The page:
An employee working at a Chicago shipping facility suffered a leg amputation and crushed pelvis after he fell off and was then run over by a powered heavy-lift vehicle used to move and stack steel containers.

The 30-year-old recent hire suffered severe injuries after being allowed to ride unsecured on the vehicle. The U.S. Department of Labor’s Occupational Safety and Health Administration (OSHA) cited ITS Technologies and Logistics LLC–operating as ITS Conglobal–for one willful violation and two serious violations, and proposed penalties totaling $156,038.

OSHA investigators found the intermodal cargo container shipping facility allowed employees to ride unsecured on a reach stacker in violation of company and OSHA safety procedures. In addition, ITS Conglobal failed to provide employees refresher training or evaluate them every three years on their ability to safely operate powered industrial vehicles, as required.

“This worker’s life-altering injuries could have been prevented if ITS Conglobal had followed its own and federal safety regulations against employees riding improperly on moving powered industrial vehicles,” OSHA Chicago South Area director James Martineck said. “Each year, hundreds of employees suffer injuries from powered industrial vehicle hazards and it remains one of OSHA’s top 10 cited safety standards. Employers must review and enforce workplace safety procedures.”

OSHA has specific regulations and required training for the operation of powered industrial vehicles. From 2011 to 2017, 614 workers lost their lives in forklift-related incidents and more than 7,000 nonfatal injuries with days away from work occurred every year.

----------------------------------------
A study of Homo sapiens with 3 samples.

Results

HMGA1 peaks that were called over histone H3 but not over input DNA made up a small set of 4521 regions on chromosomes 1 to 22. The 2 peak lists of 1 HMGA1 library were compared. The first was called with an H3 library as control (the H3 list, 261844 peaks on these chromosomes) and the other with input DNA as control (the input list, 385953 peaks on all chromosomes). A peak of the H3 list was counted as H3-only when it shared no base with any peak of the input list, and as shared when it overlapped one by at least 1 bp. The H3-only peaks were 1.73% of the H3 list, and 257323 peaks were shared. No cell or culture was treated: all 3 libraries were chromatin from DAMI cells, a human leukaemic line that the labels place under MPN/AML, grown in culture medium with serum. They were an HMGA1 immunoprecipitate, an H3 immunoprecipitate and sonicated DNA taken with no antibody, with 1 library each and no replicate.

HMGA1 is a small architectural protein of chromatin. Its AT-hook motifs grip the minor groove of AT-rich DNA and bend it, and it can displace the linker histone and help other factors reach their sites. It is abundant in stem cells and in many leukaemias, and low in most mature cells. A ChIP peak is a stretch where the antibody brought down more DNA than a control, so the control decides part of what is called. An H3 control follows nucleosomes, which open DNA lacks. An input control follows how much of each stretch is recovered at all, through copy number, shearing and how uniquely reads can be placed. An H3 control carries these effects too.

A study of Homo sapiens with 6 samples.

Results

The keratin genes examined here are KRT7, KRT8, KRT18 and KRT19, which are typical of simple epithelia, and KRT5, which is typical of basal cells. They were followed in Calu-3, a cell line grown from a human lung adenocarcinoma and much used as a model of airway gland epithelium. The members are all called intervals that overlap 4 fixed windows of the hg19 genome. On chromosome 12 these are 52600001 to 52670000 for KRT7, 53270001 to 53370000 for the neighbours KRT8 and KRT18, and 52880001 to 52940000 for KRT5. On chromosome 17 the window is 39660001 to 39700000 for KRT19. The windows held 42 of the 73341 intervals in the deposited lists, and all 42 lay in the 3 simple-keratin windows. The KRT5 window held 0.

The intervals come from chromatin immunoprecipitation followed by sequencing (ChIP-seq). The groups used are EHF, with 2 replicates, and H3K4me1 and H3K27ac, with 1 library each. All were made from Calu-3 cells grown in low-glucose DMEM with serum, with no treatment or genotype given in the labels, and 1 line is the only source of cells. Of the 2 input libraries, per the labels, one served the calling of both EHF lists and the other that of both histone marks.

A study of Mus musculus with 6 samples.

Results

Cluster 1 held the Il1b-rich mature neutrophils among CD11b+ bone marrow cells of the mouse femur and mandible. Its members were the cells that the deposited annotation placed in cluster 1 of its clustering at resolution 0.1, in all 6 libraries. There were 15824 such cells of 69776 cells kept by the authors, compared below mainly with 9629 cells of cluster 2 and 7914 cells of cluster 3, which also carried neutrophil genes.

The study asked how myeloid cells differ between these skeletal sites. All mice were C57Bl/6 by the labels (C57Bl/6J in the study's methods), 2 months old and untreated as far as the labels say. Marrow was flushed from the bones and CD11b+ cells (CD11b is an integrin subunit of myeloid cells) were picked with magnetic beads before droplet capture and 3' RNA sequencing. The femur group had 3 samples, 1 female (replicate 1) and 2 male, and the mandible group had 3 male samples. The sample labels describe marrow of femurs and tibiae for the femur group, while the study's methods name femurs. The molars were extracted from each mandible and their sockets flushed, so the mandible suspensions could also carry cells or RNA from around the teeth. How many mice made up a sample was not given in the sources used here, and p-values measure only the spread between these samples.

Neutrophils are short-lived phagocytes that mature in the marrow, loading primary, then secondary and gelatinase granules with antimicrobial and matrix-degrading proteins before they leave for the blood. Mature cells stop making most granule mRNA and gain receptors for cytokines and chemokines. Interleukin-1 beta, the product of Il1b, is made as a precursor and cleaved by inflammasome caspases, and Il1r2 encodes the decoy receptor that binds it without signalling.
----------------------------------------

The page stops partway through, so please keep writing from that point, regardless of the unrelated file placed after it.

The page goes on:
Based in Darien, Ill., ITS ConGlobal is an intermodal infrastructure services provider for global and rail shipping. The company has about 4,000 employees in more than 120 facilities throughout the U.S., Mexico and Central America, and provides shipping services with North American railroads, global container shipping and leasing companies, and chassis operators.

The company has 15 business days from receipt of its citations and penalties to comply, request an informal conference with OSHA’s area director or contest the findings before the independent Occupational Safety and Health Review Commission.

Under the Occupational Safety and Health Act of 1970, employers are responsible for providing safe and healthful workplaces for their employees. OSHA’s role is to help ensure these conditions for America’s working men and women by setting and enforcing standards, and providing training, education and assistance.